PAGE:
PARIS -- Awful at the start, masterful enough later to produce shots that must be seen to be believed, Roger Federer leaned back in his sideline seat and exhaled.
His opponent Friday had just quit with an injury, and a smile slowly crept across Federer's face as he realized that a berth in his first French Open final was secured, a fourth consecutive Grand Slam title now merely one victory away.
Ah, but what a victory that will have to be: No. 1 Federer now faces No. 2 Rafael Nadal, the defending champion, winner of 59 straight matches on clay and owner of a 5-1 career mark against the Swiss star.
Each of the previous three years, one of the French Open finalists was unseeded. Now fans will be treated to the tournament's first final between men seeded 1-2 since 1984, and so much else is at stake for Federer on Sunday. He's trying to become only the third man in tennis history to win four majors in a row, the first since Rod Laver in 1969. He also can become the sixth man to collect a career Grand Slam.
"Quarters, semis -- it's all nice and stuff," Federer said, "but you want to go out there on the Sunday."
And he usually does. He's reached the final at his last 14 tournaments, the longest such streak since Ivan Lendl's 18 in a row in 1981-82. The last time Federer failed to make it to a final? When he lost to Nadal in the 2005 French Open semifinals.
"Federer is a superstar," Nadal said. "If I don't play at 100 percent, I'm going to lose, for sure."
Against No. 3 David Nalbandian on Friday, Federer went from stunningly bad to as good as he gets, and was leading 3-6, 6-4, 5-2 when the Argentine stopped because of a strained abdominal muscle.
Spectators who paid good euros for their tickets might have been upset to be witness to the first French Open men's semifinal to end in retirement, the record ninth of the tournament. Then again, they did get to watch an hour of magic from Federer, plus more than 21/2 hours of Nadal in all of his scrambling, leaping, fist-pumping glory in the day's second match, a 6-4, 6-2, 7-6 (7) victory over No. 4 Ivan Ljubicic.
Nadal handled Ljubicic's booming serve with nary a problem and overcame the one tense moment, down 5-3 in the tiebreaker, with the help of two aces of his own. Nadal also conjured up several crisp passing shots on the fly, including one forehand he celebrated by scampering the width of the court before thrusting a leaping uppercut.
After Ljubicic missed a volley to end it, Nadal put his racket down, then went to the middle of the court and dropped to his knees, raising his arms.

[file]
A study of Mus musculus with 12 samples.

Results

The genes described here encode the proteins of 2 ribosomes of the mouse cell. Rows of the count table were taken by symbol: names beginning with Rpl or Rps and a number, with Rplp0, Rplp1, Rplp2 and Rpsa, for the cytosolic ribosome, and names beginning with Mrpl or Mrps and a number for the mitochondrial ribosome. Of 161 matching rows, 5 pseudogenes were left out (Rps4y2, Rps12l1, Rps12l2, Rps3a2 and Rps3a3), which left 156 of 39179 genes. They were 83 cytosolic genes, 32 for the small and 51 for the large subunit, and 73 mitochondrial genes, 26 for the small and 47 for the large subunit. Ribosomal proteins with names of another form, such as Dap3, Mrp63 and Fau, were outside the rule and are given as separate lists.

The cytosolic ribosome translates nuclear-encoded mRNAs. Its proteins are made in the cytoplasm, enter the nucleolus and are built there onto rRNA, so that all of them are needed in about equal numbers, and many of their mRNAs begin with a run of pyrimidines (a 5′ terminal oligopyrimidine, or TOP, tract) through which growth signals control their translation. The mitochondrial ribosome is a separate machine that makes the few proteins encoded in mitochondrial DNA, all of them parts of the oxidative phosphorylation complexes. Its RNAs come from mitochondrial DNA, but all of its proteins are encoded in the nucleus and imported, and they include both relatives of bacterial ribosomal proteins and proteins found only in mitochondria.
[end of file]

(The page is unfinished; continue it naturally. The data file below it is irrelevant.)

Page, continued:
"Maybe the final of Grand Slam always is exciting, no?" Nadal said.
No such joyous display for Federer after his semifinal's odd denouement. Then again, Federer generally doesn't emote much, and he never betrayed a shred of anger or angst during his disastrous first 39 minutes against Nalbandian.
Falling behind by a set and 3-0, Federer whiffed on a service return, clanked shots off his racket frame, sent groundstrokes long or wide by several feet, even shanked a ball into the stands.
"It was important for him to figure out what was going on and turn things around," said Federer's coach, 1966 French Open champion Tony Roche. "There's tremendous pressure on him ... but, so far, he's shown he's capable of handling it."
Federer blamed his woes on the swirling wind that rippled the players' shirts, and he credited Nalbandian, too, for playing well.
Suddenly, Federer's touch was back. In the second set's fourth game, Nalbandian ripped a backhand down the line, and Federer reached down -- his racket striking the clay -- to chop a forehand winner. Shocked, Nalbandian watched the ball sail past, his feet rooted to the ground.
Federer finally mustered his first break point in the next game, when Nalbandian said his injury flared up, and a double-fault made it 3-2.
Two games later came the shot of the tournament. With Federer forward, Nalbandian lofted a lob to the corner. Federer spun and chugged after the ball, his back to the net. At the last instant, he wheeled back all the way around to face the court, somehow got his body out of the way, and flicked a forehand winner.
Federer held up his left index finger, as if to remind everyone who's No. 1, while fans saluted the flourish with a standing ovation.
"I couldn't play it between the legs, so I had to turn again. Then I thought, 'What do I do now?"' Federer explained. "That was a piece of good luck."
Nalbandian's take on the trick shot: "Incredible," he said, shaking his head.
That was part of 15 minutes of brilliance by Federer, in which he won 20 of 27 points. Federer broke to start the third set, and Nalbandian was treated by a trainer at the next two changeovers.
"I didn't feel like I can continue playing for three, four hours. Doesn't matter the score," said Nalbandian, hurt during his quarterfinal. "I'm going to fight if I'm OK. If I'm not OK, I mean, fight against what? It's impossible."
Nalbandian's first retirement in 299 career singles matches made Federer 44-0 this season against anyone not named Nadal.
The Spaniard, who turned 20 last week, has won all three times they've played in 2006, including at May's Rome Masters, when Federer blew two match points, then accused Nadal's uncle and coach, Toni, of improperly providing help during the final.
Ljubicic complained that Nadal was taking too much time between points, and chair umpire Carlos Ramos issued a warning.
After the match, Toni Nadal said Ramos was "hurrying Rafa" and has "a horrible attitude."